Tuesday, April 26, 2011

Types of Dance and music in Tana Toraja

Ma'badong a ritual where a group of men and women form a circle and sing a monotonous chant throughout the night to honor the deceased.

in fact, Torajans perform dances on various occasions. some dances could be performed on both rambu tuka' or rambu solo'. The aluk religion governs when and how Torajans dance. Ma'bua is a major Toraja ceremony in which priests wear a buffalo head and dance around a sacred tree. This dance can be performed only once every 12 years.

Dance is very important during their elaborate funeral ceremonies. They dance to express their grief, and to honor and even cheer the deceased person because he is going to have a long journey in the afterlife.

Ma'badong is considered by many Torajans to be the most important component of the funeral ceremony. On the second funeral day, the Ma'randing warrior dance is performed to praise the courage of the deceased during life. Several men perform the dance with a sword, a large shield made from buffalo skin, a helmet with a buffalo horn, and other ornamentation. The Ma'randing dance precedes a procession in which the deceased is carried from a rice barn to the rante, the site of the funeral ceremony. During the funeral, elder women perform the Ma'katia dance while singing a poetic song and wearing a long feathered costume. The Ma'akatia dance is performed to remind the audience of the generosity and loyalty of the deceased person. After the bloody ceremony of buffalo and pig slaughter, a group of boys and girls clap their hands while performing a cheerful dance called Ma'dondan.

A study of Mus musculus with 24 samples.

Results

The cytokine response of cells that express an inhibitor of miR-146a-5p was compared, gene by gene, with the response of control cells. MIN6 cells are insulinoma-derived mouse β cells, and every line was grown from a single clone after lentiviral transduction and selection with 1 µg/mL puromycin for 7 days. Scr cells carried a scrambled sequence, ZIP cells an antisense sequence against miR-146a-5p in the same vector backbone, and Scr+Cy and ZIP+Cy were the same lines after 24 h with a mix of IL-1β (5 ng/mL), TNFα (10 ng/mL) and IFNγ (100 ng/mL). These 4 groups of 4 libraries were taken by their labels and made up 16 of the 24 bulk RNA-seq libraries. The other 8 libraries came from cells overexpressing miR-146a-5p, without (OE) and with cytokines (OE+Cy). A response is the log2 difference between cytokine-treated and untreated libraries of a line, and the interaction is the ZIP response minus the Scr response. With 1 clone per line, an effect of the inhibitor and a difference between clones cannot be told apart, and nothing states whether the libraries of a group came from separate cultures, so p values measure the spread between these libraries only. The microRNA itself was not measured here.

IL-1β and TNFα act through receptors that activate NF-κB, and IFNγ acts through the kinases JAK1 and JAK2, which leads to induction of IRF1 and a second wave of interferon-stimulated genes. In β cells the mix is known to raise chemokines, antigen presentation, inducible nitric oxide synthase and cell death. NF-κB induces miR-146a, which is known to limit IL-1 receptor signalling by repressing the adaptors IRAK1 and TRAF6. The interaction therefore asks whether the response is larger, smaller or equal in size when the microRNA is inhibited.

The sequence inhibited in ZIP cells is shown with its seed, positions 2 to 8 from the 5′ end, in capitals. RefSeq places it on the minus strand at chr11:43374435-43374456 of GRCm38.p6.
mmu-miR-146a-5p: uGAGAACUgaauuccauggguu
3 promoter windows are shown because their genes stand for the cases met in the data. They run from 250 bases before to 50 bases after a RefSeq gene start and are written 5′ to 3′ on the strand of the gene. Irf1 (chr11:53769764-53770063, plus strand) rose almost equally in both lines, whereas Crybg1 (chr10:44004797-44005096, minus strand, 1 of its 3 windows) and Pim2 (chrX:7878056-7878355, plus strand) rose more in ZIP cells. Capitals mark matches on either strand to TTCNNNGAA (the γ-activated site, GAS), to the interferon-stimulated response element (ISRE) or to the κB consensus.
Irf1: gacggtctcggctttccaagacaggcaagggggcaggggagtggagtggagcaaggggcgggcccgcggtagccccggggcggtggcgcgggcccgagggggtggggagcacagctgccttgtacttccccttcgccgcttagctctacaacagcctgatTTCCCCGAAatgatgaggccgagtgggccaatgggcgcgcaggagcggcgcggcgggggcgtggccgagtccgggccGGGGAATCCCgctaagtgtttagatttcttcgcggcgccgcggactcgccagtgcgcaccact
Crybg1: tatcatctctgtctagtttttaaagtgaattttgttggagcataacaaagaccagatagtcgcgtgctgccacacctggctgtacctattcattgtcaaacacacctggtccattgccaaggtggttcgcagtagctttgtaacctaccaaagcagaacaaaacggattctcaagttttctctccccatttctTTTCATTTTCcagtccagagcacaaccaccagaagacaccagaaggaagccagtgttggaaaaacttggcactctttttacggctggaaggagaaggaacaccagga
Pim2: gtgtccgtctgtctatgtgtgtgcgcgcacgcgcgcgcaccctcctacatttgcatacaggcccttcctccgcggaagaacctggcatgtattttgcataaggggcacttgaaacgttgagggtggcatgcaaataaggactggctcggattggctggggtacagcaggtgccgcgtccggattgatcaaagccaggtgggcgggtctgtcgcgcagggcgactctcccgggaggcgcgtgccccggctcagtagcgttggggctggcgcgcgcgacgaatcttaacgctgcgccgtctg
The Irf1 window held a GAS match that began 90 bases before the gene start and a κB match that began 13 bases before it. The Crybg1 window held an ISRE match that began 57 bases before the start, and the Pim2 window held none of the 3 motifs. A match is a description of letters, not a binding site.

As in other agricultural societies, Torajans dance and sing during harvest time. The Ma'bugi dance celebrates the thanksgiving event, and the Ma'gandangi dance is performed while Torajans are pounding rice. There are several war dances, such as the Manimbong dance performed by men, followed by the Ma'dandan dance performed by women.
A traditional musical instrument of the Toraja is a bamboo flute called a Pa'suling (suling is an Indonesian word for flute). This six-holed flute (not unique to the Toraja) is played at many dances, such as the thanksgiving dance Ma'bondensan, where the flute accompanies a group of shirtless, dancing men with long fingernails. The Toraja also have indigenous musical instruments, such as the Pa'pelle (made from palm leaves) and the Pa'karombi (the Torajan version of a Jew's harp). The Pa'pelle is played during harvest time and at house inauguration ceremonies.